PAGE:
Stocks traded within a tight range on Thursday, and ended the day essentially flat, with the S&P 500 , and the narrower, price-weighted Dow Jones Industrial Average losing 0.1% and 0.8%, respectively. For the month of February, the S&P 500 managed to eke out a gain of 1.1%; year to date, the index is up 6.2%.

The VIX Index , Wall Street's fear gauge, gained 5%, to close at 15.51, but remains well off the high of 18.99 achieved on Monday. (The VIX is calculated from S&P 500 option prices, and reflects investor expectations for stock market volatility over the coming thirty days.)

GroupOn to its CEO: Go socialize elsewhere
On Wednesday, deals site GroupOn announced pitiful fourth-quarter results after the market close. Today, the shares lost a quarter of their value; the company then announced it was jettisoning CEO Andrew Mason. What's going on at GroupOn?


According to the Financial Times, GroupOn CFO Jason Child told analysts and investors yesterday that the company would continue to operate for growth, adding "our results are inherently unpredictable." My question, then, is: Growth to what end? For a business that's incapable of earning it cost of capital, growth only serves to burn increasing amounts of precious capital. As to the unpredictability of GroupOn's results, I'd agree only up to a point: They're predictably awful, but it's quite true that there is significant uncertainty regarding just how bad they will be.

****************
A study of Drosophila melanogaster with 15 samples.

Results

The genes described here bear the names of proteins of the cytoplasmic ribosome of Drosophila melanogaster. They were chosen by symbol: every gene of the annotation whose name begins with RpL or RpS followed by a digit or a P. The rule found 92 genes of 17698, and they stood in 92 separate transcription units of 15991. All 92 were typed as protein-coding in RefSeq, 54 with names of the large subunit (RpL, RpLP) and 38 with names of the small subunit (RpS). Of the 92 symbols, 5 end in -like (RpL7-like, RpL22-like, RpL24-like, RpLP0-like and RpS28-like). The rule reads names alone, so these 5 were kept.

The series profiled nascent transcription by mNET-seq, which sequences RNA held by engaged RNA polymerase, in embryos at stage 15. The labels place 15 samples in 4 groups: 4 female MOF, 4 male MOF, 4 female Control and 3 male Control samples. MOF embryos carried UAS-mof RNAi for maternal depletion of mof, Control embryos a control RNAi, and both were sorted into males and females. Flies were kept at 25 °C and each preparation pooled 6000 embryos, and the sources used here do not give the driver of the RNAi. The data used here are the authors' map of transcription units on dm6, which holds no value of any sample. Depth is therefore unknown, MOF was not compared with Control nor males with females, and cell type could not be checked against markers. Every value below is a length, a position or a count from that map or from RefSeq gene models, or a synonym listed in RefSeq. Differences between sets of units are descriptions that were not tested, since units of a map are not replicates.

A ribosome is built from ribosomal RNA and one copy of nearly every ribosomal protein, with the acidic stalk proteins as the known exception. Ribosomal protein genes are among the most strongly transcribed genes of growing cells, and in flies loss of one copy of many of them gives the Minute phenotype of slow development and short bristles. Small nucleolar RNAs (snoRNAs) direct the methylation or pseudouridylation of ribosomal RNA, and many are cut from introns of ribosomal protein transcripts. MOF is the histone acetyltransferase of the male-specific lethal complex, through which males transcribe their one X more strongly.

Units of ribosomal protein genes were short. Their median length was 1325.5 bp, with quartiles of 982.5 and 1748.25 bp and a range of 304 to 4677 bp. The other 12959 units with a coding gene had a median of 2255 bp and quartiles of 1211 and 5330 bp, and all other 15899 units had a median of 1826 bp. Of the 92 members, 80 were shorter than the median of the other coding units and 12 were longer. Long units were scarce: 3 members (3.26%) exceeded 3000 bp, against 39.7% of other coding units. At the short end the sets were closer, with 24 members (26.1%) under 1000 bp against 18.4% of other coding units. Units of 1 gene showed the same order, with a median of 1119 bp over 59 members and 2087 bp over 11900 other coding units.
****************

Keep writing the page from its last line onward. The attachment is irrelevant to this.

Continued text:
A business that doesn't create value for its customers cannot hope to keep their customers, unless it's secured by legal fiat or a monopoly position. A business model that doesn't create value for the customer is only sustainable for as long as you can continue rolling your customer base over, i.e. finding new customers who aren't aware of the adverse economics of your proposition. With regard to its daily deals, GroupOn's customers aren't the individuals who derive value from these deals -- it's the businesses that provide them who don't. As far as GroupOn Goods is concerned, the company has absolutely no competitive advantage whatsoever, and is starting far behind established players in e-commerce.

Social networking shares were a bubble that is now collapsing before us, whether it be GroupOn or social games company Zynga . Some business models will survive, others will disappear -- that process is firmly underway, and it will only keep accelerating. Investors should adjust their bets accordingly.

After the world's most-hyped IPO turned out to be a dunce, most investors probably don't even want to think about shares of Facebook. But there are things that every investor needs to know about this company. We've outlined them in our newest premium research report. There's a lot more to Facebook than meets the eye, so read up on whether there is anything to "like" about it today, and we'll tell you whether we think Facebook deserves a place in your portfolio. Access your report by clicking here.

The article GroupOn Gets Anti-Social originally appeared on Fool.com.

Fool contributor Alex Dumortier, CFA has no position in any stocks mentioned; you can follow him on LinkedIn. The Motley Fool has no position in any of the stocks mentioned. Try any of our Foolish newsletter services free for 30 days. We Fools may not all hold the same opinions, but we all believe that considering a diverse range of insights makes us better investors. The Motley Fool has a disclosure policy.